John Daly comes with baggage, some of it apparent, given the expanding girth that has him using a cart in competition these days. Yet for all his off-course failings through the years, his talent still occasionally breaks free from their debilitating grasp.
The Insperity Invitational was one of those occasions, rarer now than ever, but still intriguing. He bogeyed the final three holes at The Woodlands Country Club outside Houston, but hung on to win it by one, his first PGA Tour Champions victory in this his 22nd start.
It also was his first U.S. victory since he won the PGA Tour’s Buick Invitational at Torrey Pines in 2004, a 13-year span of hardship interrupted only by a victory in a minor tournament in Turkey in 2014.
For that one, he earned $8,000, or substantially less than his caddie will earn from his percentage of Daly’s $322,000 first-prize money for winning the Insperity Invitational.
“It’s awesome,” he said, moments after Estaban Toledo and others drenched him in champagne on the 18th green. “It wasn’t the greatest of finishes. I kind of followed the leader board, but I didn’t know TA [Tommy Armour III] was right up there until I saw the board on 16 and I’m going, ‘oh, boy.’
“Hey, a win’s a win. I didn’t think it would come this soon. These guys are so good. And just thanks to Insperity and all these wonderful people and all these people [sponsors] sticking to me. It’s pretty cool.”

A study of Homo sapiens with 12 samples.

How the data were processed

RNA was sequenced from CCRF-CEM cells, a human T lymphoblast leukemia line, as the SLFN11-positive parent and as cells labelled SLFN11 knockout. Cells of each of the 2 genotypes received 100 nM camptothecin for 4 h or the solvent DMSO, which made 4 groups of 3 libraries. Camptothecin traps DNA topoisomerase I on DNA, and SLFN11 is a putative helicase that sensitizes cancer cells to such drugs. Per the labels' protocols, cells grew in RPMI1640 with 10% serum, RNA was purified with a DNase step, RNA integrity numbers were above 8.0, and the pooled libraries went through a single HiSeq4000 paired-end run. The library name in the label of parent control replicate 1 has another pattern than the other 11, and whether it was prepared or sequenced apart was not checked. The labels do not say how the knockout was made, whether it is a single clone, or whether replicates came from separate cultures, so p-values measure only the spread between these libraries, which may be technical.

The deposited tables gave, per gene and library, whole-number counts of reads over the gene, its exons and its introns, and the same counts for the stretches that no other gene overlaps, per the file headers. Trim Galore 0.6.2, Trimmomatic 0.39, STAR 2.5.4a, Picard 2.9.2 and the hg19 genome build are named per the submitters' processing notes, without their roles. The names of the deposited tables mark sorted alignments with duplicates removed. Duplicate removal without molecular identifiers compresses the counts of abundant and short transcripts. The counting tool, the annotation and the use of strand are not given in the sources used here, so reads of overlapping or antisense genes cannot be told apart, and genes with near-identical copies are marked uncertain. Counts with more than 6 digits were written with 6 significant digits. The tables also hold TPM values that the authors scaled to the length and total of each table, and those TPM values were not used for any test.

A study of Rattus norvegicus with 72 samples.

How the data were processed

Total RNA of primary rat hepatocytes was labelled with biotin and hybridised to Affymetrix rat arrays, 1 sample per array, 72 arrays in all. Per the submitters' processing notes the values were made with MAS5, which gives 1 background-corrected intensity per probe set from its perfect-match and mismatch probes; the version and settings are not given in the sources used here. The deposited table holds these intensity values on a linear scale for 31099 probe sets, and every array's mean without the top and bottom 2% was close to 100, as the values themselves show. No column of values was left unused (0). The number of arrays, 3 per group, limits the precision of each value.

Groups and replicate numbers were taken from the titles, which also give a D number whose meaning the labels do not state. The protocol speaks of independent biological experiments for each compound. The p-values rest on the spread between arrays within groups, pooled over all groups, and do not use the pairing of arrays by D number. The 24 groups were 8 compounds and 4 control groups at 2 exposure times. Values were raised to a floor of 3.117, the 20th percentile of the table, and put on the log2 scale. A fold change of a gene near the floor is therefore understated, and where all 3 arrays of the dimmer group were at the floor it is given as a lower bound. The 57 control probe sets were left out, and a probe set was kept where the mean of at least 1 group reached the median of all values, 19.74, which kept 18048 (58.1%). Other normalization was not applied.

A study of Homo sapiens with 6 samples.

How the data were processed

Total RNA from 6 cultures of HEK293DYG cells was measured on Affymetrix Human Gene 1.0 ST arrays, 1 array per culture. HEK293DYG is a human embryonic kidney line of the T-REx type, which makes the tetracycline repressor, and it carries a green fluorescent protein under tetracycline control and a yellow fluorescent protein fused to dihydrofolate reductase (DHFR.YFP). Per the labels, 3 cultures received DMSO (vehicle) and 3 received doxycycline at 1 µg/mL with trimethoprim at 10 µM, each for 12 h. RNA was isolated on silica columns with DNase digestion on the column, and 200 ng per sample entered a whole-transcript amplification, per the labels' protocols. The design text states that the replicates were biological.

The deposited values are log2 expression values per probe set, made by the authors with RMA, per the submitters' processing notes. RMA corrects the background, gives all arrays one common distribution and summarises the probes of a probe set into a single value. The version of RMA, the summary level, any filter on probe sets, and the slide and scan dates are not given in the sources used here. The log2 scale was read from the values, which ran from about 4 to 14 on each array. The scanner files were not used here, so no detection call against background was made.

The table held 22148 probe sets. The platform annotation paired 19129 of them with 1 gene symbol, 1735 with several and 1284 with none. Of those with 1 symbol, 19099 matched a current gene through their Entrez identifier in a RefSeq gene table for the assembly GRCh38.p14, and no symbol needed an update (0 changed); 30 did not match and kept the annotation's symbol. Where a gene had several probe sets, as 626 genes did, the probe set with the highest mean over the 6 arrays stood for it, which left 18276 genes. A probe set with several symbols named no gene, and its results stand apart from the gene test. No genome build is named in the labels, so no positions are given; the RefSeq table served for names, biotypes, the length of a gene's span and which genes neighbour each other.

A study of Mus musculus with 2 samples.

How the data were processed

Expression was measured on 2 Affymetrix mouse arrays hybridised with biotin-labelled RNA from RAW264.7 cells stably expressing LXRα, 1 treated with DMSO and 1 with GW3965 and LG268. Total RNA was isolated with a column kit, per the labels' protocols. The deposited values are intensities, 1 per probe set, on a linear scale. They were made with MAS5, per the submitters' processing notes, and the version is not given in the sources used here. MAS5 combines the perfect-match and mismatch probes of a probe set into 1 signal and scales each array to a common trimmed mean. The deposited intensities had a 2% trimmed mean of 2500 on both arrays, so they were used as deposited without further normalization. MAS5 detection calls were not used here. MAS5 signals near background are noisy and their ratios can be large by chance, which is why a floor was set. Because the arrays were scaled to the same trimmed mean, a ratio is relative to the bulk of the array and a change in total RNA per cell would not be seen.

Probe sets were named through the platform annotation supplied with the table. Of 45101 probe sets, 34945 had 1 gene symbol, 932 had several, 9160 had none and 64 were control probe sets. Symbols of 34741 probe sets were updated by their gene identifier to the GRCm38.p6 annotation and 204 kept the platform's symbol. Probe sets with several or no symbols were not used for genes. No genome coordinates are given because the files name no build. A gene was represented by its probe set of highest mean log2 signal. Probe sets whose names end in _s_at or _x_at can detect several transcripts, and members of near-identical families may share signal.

Daly, who closed with a three-under-par 69, had never finished in the top 10 in 21 previous starts on the senior tour, which defined as precarious the one-stroke lead he carried into the final round. Yet he eagled the first hole en route to a three-under-par 33 on the front nine and birdied three of the first six on the back.
But Daly was unable to shake Armour, who was seven under through 16 holes, or Kenny Perry. It was his good fortune that both stumbled in the closing holes, too; Armour bogeyed the final two holes, Perry the 17th, and both tied for second.
“These finishing holes are so hard,” Daly said. “I was just coming out of my irons a little bit. I drove the ball tremendously and putted so good. I just kind of hung in there and did the best I could. It wasn’t pretty in the end, but I got it done. That’s all that matters.”
What it means going forward is usually a mystery with Daly, notwithstanding talent that produced two major championship victories early in his career, one of them in the Open Championship at St. Andrews.
Daly nonetheless expressed optimism. “I just need to work on the irons a little bit and get them dialed in a little bit better,” he said. “But if I keep driving the ball good and putt the way I’m putting, it makes it a little easier when you do mis-hit some shots.”
Straight has not always been an available path for Daly. But when he does access it, results follow, as they did one more time in a long meandering career.